DAVE MCGILLIVRAY PRESENTED WITH 'ENDURING SPIRIT AWARD' BY BOSTON CHAPTER OF BACK ON MY FEET


Back on My Feet (BoMF) is a national organization that uses running to create self-sufficiency in the lives of those experiencing homelessness, helping members obtain independence through employment, job training and housing.

The Friday breakfast was attended by about 400, including both corporate and city leaders.

“No one should be homeless and no one should live in poverty,” McGillivray told the audience. “We all have a responsibility and obligation to help those less fortunate. Running can help raise self-esteem and self-confidence which is the first step for those who are part of the Back on My Feet community in reclaiming their lives.”

“I’ve always felt there is no such thing as an individual award and as such, accept this kind recognition on behalf of many who have supported me over the years,” McGillivray added. 

After accepting the Enduring Spirit Award, McGillivray also gave the keynote speech, emphasizing that we all should “set goals, not limits” and that “the worst injustice one could ever do to themselves is to underestimate their own ability.”

“McGillivray’s speech was one of, if not the most moving, powerful, passionate and relevant speeches I have ever heard,” said John Lashar, a founding board member of the Boston Chapter of Back on My Feet. “I feel very fortunate and lucky to have witnessed his heartfelt performance.”

McGillivray, a Medford native now living in North Andover, Mass., gained national prominence with his 1978 cross country run that took 80 days and raised almost $150,000 for the Jimmy Fund – the first money any runner ever raised for a cancer charity, according to Runner’s World. He has completed a number of similar feats of endurance since his groundbreaking cross country trek, including a second cross-country run in 2004 from San Francisco to Boston as part of TREK USA, a relay team event that raised more than $300,000 for five children’s charities. He has now logged more than 150,000 miles, eight Hawaii Ironman Triathlons and now has finished 131 marathons – including this past Boston Marathon.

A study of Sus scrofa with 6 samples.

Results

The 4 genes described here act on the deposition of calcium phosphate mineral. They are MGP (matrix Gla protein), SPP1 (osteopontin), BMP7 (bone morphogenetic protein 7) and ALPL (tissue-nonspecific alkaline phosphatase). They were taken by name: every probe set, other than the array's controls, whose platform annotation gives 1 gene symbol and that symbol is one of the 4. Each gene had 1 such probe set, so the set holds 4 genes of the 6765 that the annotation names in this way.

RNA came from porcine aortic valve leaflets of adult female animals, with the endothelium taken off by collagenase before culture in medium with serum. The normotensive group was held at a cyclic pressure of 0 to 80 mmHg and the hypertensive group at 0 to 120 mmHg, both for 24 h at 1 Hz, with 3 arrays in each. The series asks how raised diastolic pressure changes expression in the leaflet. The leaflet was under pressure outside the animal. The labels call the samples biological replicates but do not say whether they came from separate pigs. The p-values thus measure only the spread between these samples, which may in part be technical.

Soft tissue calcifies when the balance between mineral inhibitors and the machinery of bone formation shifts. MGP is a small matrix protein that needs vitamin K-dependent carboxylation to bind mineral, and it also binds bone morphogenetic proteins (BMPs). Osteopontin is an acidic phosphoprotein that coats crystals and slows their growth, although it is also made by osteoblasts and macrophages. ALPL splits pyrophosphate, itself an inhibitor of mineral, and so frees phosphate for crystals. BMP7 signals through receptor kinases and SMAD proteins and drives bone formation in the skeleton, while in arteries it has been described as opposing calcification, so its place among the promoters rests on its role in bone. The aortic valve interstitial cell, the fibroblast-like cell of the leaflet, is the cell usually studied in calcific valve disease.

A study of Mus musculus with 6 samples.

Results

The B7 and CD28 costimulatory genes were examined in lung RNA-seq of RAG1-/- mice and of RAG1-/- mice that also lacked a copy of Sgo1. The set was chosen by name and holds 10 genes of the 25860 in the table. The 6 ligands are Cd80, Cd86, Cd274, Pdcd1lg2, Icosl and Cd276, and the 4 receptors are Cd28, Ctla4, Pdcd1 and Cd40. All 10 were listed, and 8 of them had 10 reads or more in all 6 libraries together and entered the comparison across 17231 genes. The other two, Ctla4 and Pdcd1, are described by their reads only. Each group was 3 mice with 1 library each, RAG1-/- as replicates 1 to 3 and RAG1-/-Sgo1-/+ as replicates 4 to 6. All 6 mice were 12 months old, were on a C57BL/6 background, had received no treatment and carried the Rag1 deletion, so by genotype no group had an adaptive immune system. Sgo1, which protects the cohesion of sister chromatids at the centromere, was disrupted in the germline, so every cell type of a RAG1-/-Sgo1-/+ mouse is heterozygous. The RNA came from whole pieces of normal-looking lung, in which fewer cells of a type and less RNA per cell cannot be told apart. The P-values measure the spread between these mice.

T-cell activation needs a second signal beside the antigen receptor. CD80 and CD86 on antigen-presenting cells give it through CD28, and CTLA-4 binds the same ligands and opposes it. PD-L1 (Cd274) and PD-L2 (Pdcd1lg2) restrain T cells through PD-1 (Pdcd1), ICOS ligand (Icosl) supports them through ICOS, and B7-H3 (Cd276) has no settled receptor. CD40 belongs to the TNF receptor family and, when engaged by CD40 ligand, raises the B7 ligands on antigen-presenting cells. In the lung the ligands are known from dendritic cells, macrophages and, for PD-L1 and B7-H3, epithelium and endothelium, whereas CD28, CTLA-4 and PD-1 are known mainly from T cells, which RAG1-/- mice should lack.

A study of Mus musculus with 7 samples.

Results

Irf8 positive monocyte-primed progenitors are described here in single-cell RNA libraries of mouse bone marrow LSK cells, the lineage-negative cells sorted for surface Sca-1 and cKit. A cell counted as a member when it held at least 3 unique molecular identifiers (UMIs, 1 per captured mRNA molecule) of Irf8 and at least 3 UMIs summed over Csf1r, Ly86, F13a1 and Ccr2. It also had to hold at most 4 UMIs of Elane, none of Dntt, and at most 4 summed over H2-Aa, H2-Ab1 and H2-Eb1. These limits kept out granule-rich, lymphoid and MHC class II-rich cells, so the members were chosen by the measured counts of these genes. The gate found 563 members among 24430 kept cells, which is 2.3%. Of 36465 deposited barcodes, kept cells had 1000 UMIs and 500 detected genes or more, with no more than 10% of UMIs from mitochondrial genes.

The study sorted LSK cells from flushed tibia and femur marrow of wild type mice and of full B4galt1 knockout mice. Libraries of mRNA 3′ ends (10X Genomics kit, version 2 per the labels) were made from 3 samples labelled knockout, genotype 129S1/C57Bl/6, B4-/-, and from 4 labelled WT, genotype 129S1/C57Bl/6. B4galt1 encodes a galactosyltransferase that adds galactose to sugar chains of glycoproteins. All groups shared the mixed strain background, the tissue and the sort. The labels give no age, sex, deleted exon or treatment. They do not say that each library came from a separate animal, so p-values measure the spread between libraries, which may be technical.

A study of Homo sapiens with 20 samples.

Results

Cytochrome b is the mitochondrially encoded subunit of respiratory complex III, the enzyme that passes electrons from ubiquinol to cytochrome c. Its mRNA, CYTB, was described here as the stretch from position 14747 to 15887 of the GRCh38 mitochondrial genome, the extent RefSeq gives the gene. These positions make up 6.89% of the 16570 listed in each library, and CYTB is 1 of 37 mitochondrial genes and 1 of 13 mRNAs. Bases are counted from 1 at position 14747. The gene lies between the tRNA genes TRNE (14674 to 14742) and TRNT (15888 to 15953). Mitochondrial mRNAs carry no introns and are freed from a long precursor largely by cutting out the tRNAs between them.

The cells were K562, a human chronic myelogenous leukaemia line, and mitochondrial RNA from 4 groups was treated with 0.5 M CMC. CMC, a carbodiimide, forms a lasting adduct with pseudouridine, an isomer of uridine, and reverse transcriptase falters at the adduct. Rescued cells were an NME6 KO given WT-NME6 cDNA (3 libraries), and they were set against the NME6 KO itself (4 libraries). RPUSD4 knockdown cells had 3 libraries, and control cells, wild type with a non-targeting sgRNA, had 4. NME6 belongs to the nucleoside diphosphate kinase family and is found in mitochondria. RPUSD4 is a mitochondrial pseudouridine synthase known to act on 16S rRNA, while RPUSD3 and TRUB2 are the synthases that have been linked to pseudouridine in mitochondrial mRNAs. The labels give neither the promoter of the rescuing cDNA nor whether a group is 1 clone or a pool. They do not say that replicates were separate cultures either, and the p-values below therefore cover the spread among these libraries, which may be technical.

McGillivray is a pioneer in what is now one of the most important aspects of the endurance sports industry – combining athletics with philanthropy. Nearly every DMSE Sports event combines fitness and fundraising, giving back to the Jimmy Fund and Dana-Farber Cancer Institute, Children’s Hospital, Lazarus House and many others charities and non-profit organizations in New England and across the country. Since starting DMSE Sports in 1981, he along with all the events he has directed have helped raise $100 million for charity. The firm is now a leader in sports event management, specializing in creating, marketing and producing mass participatory athletic events throughout the U.S. and abroad.

McGillivray learned he had coronary heart disease last fall and has spoken out about getting healthy and going in for heart tests, even if you think you are healthy and in shape. He has lost 27 pounds, dropped his cholesterol level by over 70 points and has been following a very, very strict and healthy diet, which he credits as having given him his health back and now feels he is in his best shape in 15 years. 

In addition to the B.A.A. Boston Marathon, DMSE manages more than 25 major road races per year, including the TD Beach to Beacon in Maine, the New Balance Falmouth Road Race on Cape Cod, the Finish at the 50 at Patriot Place, Run for the Dream in Williamsburg, Va., the Bellin Run in Green Bay, Wis., the Feaster Five Thanksgiving Day Road Race and the Across the Bay 10K in Annapolis, Md., among others.